Nicholas Kadysh: Public health is killing us with communication
Public health’s bad habits have metastasized unchecked — and they are destroying goodwill with the population.
By: Nicholas Kadysh
Public health is a unique domain of the medical profession. It’s undeniably difficult at the best of times: this field not only attempts to ward off disease, malnutrition, and the unnumbered outside dangers that the world presents to a population, but also to encourage people to make good choices. To put down the cigarette or the liquor bottle, to exercise more, to eat better. To do this work during a pandemic ratchets up the stakes, and the challenges, a millionfold.
It is for this reason that a public-health education usually includes communications training, because getting heard is hard — especially when the message is as dull and predictable as telling people to work out or wash their hands. The answer: spice it up.
Will announcing to the world that eating meat causes cancer get some headlines? Undeniably — even if the increased risk is fairly low. Will stirring up a panic about children drinking energy drinks get you in the news? If your mission is pure enough — like getting people to drink less alcohol — you may even be tempted to exaggerate a statistic, like saying that alcohol is responsible for 38 per cent of all health-care costs in Canada, rather than just 38 per cent of substance-use related health-care costs. It’s not like anyone’s going to check.
Ultimately, all of this amounts to the same thing: motivated reasoning. Ends justifying means. Nobody denies that people begin working in public health to help others; God knows, nobody is doing it for the pay. But here and now, in 2021, public health’s bad communications habits have metastasized unchecked — and they are absolutely destroying goodwill with the population.
I’m not just speaking about the greatest hits of 2020, like: “Masks won’t help contain transmission, which is why it’s crucial we save them for frontline health-care workers.” Right now, today, public-health leaders across the country are sending messages with breathtaking amounts of cognitive dissonance.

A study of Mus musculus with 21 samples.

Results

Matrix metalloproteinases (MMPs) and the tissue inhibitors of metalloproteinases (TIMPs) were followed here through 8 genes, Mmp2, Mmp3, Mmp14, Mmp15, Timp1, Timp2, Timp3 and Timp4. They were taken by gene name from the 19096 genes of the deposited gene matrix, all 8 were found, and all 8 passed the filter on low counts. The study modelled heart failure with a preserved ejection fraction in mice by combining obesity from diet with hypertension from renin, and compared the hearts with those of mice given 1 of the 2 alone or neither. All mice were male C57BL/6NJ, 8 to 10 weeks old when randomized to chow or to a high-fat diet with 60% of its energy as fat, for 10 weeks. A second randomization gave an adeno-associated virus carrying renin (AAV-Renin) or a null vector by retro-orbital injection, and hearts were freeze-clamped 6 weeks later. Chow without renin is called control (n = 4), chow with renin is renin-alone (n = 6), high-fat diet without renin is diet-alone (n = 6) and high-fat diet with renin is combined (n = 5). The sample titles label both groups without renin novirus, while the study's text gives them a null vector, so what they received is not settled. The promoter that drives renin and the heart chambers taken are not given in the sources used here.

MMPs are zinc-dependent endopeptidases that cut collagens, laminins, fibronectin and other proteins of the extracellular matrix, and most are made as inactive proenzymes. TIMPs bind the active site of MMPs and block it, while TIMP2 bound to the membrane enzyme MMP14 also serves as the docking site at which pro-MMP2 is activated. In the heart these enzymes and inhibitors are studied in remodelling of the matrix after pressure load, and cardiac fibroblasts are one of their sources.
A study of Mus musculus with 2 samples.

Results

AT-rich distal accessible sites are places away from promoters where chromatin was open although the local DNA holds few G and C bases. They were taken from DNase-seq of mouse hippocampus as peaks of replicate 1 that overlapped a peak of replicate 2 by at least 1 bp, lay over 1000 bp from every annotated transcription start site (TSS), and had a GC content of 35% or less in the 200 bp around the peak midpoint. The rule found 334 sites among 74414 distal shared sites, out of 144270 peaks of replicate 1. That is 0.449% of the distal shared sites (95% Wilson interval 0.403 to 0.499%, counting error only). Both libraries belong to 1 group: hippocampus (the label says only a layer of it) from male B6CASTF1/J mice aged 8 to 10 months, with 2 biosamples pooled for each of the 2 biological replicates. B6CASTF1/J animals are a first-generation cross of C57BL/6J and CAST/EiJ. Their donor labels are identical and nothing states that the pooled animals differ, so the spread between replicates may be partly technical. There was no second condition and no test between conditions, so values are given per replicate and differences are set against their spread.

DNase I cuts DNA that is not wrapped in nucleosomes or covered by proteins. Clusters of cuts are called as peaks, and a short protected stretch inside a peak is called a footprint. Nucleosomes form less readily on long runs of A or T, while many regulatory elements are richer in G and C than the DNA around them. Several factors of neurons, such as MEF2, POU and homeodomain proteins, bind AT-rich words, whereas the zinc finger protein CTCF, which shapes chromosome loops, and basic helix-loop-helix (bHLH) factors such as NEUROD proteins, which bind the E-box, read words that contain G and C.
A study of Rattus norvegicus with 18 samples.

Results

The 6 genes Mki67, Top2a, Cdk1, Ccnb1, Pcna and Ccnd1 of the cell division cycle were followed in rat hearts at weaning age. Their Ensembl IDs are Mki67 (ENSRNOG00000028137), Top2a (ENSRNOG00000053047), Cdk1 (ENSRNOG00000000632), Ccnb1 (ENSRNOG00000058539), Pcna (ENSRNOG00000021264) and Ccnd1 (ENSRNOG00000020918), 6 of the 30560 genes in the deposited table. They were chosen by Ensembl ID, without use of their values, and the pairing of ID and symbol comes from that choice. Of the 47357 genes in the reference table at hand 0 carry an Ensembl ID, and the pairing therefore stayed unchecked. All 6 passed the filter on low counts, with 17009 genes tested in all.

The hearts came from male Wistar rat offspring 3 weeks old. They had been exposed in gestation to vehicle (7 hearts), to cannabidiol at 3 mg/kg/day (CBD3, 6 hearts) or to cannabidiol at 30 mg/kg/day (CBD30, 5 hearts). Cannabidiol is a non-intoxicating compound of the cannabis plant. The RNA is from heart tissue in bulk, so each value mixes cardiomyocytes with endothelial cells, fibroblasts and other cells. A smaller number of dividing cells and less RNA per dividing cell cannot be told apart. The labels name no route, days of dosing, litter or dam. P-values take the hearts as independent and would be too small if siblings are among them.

How can Variants of Concern (VOCs) present such a significant risk to younger people that it is landing them in hospital ICUs in droves, necessitating further lockdowns, while the National Advisory Committee on Vaccinations determines that the risk from the AstraZeneca vaccine to those same individuals is higher than the virus itself?
Why do governments across Canada maintain that we can't lift any restrictions even once significant portions of the population have received their first dose, while simultaneously telegraphing that rapid single-dose vaccination is the only way to blunt the third wave currently washing over B.C., Alberta and Ontario? Either a single dose is enough to reduce COVID transmission and infection, or it isn’t — and future restrictions must flow from that reality.
Lest you think I’m picking unfairly on Canadian public-health practitioners, it’s worth noting that the problem of bad communication is not a unique phenomenon along national lines. Worries about viral mutation or breakthrough infection are germane — but not when they are presented as a blanket edict for vaccinated people not to eat indoors or gather in groups.
In all of these instances, there is simply no way to square the circle in a way that makes sense to regular people — and regular people are the target audience.
Does the AstraZeneca vaccine present more risk to young people than COVID variants? Highly unlikely. Will some restrictions get lifted at some point in the next few months, as our vaccination rates rise and death rates fall? Of course, and hearing public-health officials claim the opposite with a straight face — as the U.K. vaccinates millions with the AZ vaccine (with few adverse effects) or as the CDC authorizes vaccinated Americans to both gather and travel — will lead to only one outcome: Canadians concluding that our public-health officials are full of crap, and disregarding future advice.
In all of these cases, the motivated reasoning for the bad communication approach is the same: people can’t be trusted with the truth. If there’s a run on masks, doctors won’t have any. If vaccinated people hear that restrictions are going to be lifted soon, they may go out and party today. But public-health leaders are no longer on the sidelines — in many very real and important ways they actually run this country at this moment in time. There is simply no excuse for disingenuous communications to the public — or treating people like children. It isn’t just a bad look. It is actively harming the goal of public health.
Nicholas Kadysh is the CEO of PharmAla Biotech.